The Family of American born Israeli MIA Zachary Baumel who was captured by Syrian forces in 1982 has filed a lawsuit in the against the Syrian government including Syrian President Bashar Assad for abduction and illegal imprisonment. The lawsuit was filed in Washington, DC Federal District Court under a provision in the Foreign Sovereign Immunities Act which allows foreign states designated by the United States as state sponsors of terrorism to be sued in US courts for harm caused to American citizens by those countries. The provisions of the Foreign Sovereign Immunities Act have been used successfully to reach Iranian assets in terror cases. This is the first time that the Syrian government is being sued under this statute, seeking a judgment against Syria, which would be collectable against its assets in the US.
“Over the years, a wealth of information has accrued that the Syrian Government is directly responsible in this case,” said Yona Baumel, Zack’s father. “Our aim is not to obtain a financial judgment, but to get access to the MIAs. By hitting the Syrians where it hurts, in their pocketbooks, we hope to obtain positive results where all other methods have failed.”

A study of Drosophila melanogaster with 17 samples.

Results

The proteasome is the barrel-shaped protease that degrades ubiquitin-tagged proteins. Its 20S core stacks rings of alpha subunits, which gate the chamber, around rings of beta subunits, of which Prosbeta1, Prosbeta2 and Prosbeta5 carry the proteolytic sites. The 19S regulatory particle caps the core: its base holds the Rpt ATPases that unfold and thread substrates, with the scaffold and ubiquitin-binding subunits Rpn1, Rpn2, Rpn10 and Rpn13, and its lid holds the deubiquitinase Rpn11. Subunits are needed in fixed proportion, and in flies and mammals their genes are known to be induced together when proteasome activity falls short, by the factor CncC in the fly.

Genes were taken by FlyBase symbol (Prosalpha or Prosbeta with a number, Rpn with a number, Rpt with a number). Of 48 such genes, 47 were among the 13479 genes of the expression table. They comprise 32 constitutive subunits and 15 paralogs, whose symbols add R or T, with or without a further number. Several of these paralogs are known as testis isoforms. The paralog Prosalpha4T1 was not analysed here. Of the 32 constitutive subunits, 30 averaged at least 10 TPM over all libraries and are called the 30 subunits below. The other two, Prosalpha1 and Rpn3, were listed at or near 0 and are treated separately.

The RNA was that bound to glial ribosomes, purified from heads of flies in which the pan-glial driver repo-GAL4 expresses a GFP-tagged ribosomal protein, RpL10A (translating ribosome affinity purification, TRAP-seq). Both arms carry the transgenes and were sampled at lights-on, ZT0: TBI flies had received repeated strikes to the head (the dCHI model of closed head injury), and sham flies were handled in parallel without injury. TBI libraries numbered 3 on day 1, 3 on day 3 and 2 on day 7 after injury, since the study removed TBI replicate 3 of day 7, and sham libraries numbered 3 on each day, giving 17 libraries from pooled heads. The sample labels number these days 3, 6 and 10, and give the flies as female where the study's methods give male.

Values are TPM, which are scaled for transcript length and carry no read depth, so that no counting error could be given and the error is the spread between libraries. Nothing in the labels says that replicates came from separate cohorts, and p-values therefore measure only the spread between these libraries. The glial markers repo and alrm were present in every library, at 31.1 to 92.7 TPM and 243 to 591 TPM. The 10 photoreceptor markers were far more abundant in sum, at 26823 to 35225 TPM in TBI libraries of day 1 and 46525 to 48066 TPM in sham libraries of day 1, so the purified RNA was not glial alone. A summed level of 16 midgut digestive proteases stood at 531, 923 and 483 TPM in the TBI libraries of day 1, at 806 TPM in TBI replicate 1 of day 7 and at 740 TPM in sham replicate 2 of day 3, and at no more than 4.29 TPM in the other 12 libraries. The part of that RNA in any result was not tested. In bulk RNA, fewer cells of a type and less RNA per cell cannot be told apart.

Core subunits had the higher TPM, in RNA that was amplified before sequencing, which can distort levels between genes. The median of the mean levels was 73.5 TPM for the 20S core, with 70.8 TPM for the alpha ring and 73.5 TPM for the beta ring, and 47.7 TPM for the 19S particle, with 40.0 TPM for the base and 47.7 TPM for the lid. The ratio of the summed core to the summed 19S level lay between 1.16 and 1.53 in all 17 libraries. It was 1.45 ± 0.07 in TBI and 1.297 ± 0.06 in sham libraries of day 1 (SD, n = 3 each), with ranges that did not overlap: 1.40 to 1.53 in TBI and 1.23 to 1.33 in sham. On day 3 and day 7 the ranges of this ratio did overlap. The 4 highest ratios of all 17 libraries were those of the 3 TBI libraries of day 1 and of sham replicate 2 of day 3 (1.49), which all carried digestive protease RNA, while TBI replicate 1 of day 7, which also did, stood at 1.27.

In March 2005, Baumel told WND that sources he had cultivated in Syria told him they visited his son that year at a Syrian military installation just north of the border with Iraq. Baumel was also given a book from a confidante of a family in Syria that has coded messages he says could have been written only by his son.
Baumel showed WND pages from the book, a 1999 novel titled “The Map of Love.” The lettering has been stained after extensive Israeli forensics testing, but a series of marks are visible under the letters “BAZMUTACUMKCEL” – ZACK BAUMEL MTUC.
The MTUC, Yona explained, came from an old family joke that outsiders would not be in a position to know.
“It had to have been written by Zack,” said Baumel. “It refers to an old joke he was told from a long time ago when his mother, whose maiden name was Miriam Turetsky or MT, was a kid. The other children would point at her head and say ‘it’s empty you see,’ or MTUC.”
Additionally, phrases throughout the book were underlined or circled, including “A child forsaken,” “I have hope” and “help me.”